Businesses in the US should be aware of ongoing proceedings in bankruptcy courts related to companies that have been involved in cannabis. Bankruptcy filings and proceedings are unavailable to these companies as it remains an illegal substance at the federal level. This means that businesses forming contracts with companies – even if those companies are only tangentially involved in cannabis – are at risk, even if they believe they are a secured creditor.
A number of cases have now shown the limitations of a recent judgement allowing a bankruptcy case to proceed in the Ninth Circuit Court of Appeals. In that instance, a judge ruled that the case could proceed as he narrowly interpreted a statute prohibiting illegal business activity only to the plan created to reorganise the business under Chapter 11 and not to the company’s activities as a whole, which were in any case legal under state law in many of the districts under the Ninth Circuit Court’s jurisdiction even if they were illegal under federal law.
However, other judgements have shown that this narrow interpretation is unlikely to be followed by other courts in other jurisdictions. A judge in Colorado was quick to criticise the Ninth Circuit Court’s decision.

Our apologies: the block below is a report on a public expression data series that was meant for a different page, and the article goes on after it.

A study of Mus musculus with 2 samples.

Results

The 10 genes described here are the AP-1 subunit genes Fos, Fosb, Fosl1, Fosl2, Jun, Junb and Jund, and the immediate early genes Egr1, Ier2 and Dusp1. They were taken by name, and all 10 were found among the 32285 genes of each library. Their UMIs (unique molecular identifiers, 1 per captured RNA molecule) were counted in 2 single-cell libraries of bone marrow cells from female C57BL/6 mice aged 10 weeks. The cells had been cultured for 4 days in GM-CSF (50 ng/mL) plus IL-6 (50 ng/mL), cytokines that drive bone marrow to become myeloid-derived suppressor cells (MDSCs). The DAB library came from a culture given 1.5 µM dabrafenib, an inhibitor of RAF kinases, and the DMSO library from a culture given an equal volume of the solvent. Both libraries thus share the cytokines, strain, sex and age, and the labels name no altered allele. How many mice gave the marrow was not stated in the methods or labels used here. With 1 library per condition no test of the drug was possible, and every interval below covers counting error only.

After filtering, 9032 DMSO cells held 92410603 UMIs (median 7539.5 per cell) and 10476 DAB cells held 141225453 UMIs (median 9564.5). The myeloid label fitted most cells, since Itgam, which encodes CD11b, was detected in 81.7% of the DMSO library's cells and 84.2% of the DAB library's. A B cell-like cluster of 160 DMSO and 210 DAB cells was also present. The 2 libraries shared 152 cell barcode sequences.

“Whether, and under what circumstances, a federal bankruptcy case may proceed despite connections to the locally legal marijuana industry remains on the cutting-edge of federal bankruptcy law,” he said.
“Despite the extensive development of case law, significant grey areas remain. Unfortunately, the courts find themselves in a game of Whack-a-mole; each time a case is published, another will arise with a novel issue dressed in a new shade of grey.”
Law firm Harris Bricken added that even those that would fit under the jurisdiction of the Ninth Circuit Court cannot consider themselves high and dry – with other cases still likely to be dismissed.
All this means that companies should be very aware of any cannabis activity being undertaken by trading partners as more and more CBD-related firms find they can no longer continue as viable operations.